Astorino Blames Cuomo For Indian Point Closure, Saying 'The Joke's On Us'

TARRYTOWN, N.Y. -- Westchester County Executive Rob Astorino said the closing of Indian Point in Buchanan is typical behavior from Gov. Andrew Cuomo.

County Executive Rob Astorino is flanked by county and local officials at a press conference where he denounced Gov. Andrew Cuomo for Indian Point's closure.

County Executive Rob Astorino is flanked by county and local officials at a press conference where he denounced Gov. Andrew Cuomo for Indian Point's closure.

Photo Credit: Sam Barron

Astorino, who unsuccessfully challenged Cuomo in 2014, held a press conference in Tarrytown at the Double Tree on Monday following Entergy's press conference of its own at the hotel to confirm it was closing the nuclear power plant in 2020 and 2021.

Unit 2 will shut down by April 30, 2020, and Unit 3 will shut down by April 30, 2021.

The closures come after Entergy reached a settlement agreement with New York State.

As part of the shutdown agreement, the state has agreed to drop all legal challenges against the plant.

"This lacks transparency," Astorino said. "It was three people in a room - the governor, Riverkeeper and Entergy. They got to cut a good deal for themselves while leaving tax and ratepayers to hold the bag. The joke is on us."

The economic impact of Indian Point's closure will be staggering, as the county and municipalities deal with the loss of tax revenue.

"New York State is chasing away a business that pays taxes so that taxpayers can end up footing the bill. The state is so backwards," said Astorino, who has not ruled out another run for governor in 2018. "We all have to make up the difference. The last middle-class person will have to turn off the lights."

The county receives $4 million from Entergy and $750,000 from a tax on nuclear power plants that pays for five employees.

"How do you make up that money with a property tax cap?" Astorino, who has pledged to not raise county taxes, said. "What happens when the money goes away and property values decline? It's a vicious cycle of exodus."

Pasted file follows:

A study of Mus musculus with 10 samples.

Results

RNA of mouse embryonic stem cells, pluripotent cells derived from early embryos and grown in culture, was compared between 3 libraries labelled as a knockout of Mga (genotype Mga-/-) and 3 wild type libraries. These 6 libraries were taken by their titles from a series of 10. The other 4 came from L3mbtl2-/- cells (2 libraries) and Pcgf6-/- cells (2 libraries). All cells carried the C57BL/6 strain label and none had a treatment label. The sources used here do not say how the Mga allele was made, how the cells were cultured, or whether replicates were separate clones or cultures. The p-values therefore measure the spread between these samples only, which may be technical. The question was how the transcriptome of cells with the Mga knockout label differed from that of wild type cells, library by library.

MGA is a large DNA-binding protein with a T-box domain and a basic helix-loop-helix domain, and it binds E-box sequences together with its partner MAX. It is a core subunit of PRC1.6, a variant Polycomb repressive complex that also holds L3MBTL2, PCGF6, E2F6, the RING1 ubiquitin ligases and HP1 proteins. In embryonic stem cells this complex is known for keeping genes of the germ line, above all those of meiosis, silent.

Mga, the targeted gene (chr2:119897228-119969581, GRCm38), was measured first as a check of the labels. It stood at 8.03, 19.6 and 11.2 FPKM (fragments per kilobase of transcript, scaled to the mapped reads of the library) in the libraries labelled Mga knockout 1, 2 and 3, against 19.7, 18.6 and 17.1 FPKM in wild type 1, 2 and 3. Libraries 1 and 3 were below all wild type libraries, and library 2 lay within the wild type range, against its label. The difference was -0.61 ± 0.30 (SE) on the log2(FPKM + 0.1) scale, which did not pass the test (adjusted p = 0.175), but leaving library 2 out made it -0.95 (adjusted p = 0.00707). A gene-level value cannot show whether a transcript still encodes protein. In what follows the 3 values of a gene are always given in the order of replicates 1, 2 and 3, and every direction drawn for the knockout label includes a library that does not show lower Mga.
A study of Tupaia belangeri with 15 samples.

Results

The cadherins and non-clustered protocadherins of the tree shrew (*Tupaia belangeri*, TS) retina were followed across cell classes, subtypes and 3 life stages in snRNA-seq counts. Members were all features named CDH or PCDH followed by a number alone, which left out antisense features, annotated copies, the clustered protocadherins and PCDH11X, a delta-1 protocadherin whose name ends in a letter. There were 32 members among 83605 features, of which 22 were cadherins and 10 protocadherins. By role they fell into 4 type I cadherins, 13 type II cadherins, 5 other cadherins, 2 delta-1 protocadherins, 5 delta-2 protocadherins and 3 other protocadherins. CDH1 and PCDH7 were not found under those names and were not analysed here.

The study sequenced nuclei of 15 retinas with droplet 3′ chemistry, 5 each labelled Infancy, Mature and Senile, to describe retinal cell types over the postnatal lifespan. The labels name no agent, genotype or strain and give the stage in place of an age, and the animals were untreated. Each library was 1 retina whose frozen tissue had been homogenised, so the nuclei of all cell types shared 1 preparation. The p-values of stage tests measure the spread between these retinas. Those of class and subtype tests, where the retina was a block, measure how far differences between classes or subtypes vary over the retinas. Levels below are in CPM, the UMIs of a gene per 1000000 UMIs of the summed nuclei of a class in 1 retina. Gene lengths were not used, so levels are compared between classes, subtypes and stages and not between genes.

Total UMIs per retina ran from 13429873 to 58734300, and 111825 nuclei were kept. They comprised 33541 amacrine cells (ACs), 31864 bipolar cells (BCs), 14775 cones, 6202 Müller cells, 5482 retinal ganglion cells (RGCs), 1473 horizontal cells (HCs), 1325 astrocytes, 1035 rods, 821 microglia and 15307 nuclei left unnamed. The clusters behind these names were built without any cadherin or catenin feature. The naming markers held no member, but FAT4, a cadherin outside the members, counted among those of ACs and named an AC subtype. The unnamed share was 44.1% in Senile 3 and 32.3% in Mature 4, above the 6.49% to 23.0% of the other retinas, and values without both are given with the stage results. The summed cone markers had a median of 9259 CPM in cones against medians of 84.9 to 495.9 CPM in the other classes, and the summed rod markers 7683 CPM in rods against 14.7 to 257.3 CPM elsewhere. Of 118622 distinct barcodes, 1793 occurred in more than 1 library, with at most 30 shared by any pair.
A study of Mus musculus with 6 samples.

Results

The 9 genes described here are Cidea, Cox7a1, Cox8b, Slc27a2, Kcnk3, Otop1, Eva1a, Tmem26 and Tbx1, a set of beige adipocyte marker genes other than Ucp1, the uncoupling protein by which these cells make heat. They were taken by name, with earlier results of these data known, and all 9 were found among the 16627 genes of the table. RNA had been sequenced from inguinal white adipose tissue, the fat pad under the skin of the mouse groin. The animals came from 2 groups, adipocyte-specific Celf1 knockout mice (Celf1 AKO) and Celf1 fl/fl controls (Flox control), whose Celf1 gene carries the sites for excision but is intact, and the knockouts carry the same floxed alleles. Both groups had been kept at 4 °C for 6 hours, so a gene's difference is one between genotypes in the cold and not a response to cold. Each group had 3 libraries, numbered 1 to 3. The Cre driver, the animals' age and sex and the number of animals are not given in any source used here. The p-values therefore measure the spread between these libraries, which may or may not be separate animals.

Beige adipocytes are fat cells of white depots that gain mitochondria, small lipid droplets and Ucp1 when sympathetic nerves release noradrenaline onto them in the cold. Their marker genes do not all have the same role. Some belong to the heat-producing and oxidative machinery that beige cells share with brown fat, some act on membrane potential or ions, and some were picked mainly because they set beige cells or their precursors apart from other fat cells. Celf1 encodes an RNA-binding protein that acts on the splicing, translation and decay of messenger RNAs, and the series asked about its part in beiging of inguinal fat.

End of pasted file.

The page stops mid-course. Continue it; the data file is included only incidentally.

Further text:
Astorino said Entergy was a major supporter of non-profits and he wished they had stayed in New York forever.

"It is very hard to do business in this state if you're getting beaten to death by the state," Astorino. "The governor has been antagonistic, so they cried uncle and gave up."

At an earlier press conference, Entergy blamed declining profits and lawsuits for the closure and said the state had nothing to do with it. Entergy had spent about $200 million on trying to get the plant's license renewed.

"The governor has to try and fix the problem that he's created," Astorino said. "We will never be made whole. This is not fairy dust, this is tax dollars he's dealing with."

If Indian Point is so unsafe, why did Cuomo live and raise his children in the area, Astorino wondered. He also said the governor was spending $10 billion to bail out upstate nuclear power plants.

"Are lives in the southern part of the state more precious?" Astorino said. "I have big concerns about this. We will work with our own elected officials, none of whom were at the table. Andrew Cuomo is not an expert on nuclear safety."

Astorino said he had spoken to Bill Mold, president of Entergy, but has not spoken to Cuomo. Astorino said he was not invited to Cuomo's State of the State address in Purchase Tuesday. They last spoke to each other in 2014.

County Legislator John Testa, whose district represents Indian Point, said the plant was safe and that Entergy has been a good neighbor to the community.

"The numbers just don't add up," Testa said. "Where is the power going to come from? Are we going to have brownouts like in California? This is devastating."

Testa said he had been receiving calls from concerned constituents since the announcement Friday afternoon and that he did not receive any information until Sunday night.

"People who live in this area don't even think about the plant," Testa said. "A lot of people work there. There are a lot of unanswered questions and I'm trying to get answers. I plan to get involved with the stakeholders and keep our residents up to date with the facts."

Michael Kaplowitz, chairman of the County Board of Legislators, said Entergy's plan to close the planet was more a "political manifesto."

"This is incomplete," Kaplowitz said. "Everyone is taking a stance and talking past each other. There are too many questions. If the plant is not profitable, why aren't they leaving today?"

Kaplowitz said the sour relationship between Cuomo and Astorino is not helping matters.

"They have made the issue much cloudier," Kaplowitz said. "We need to get more details."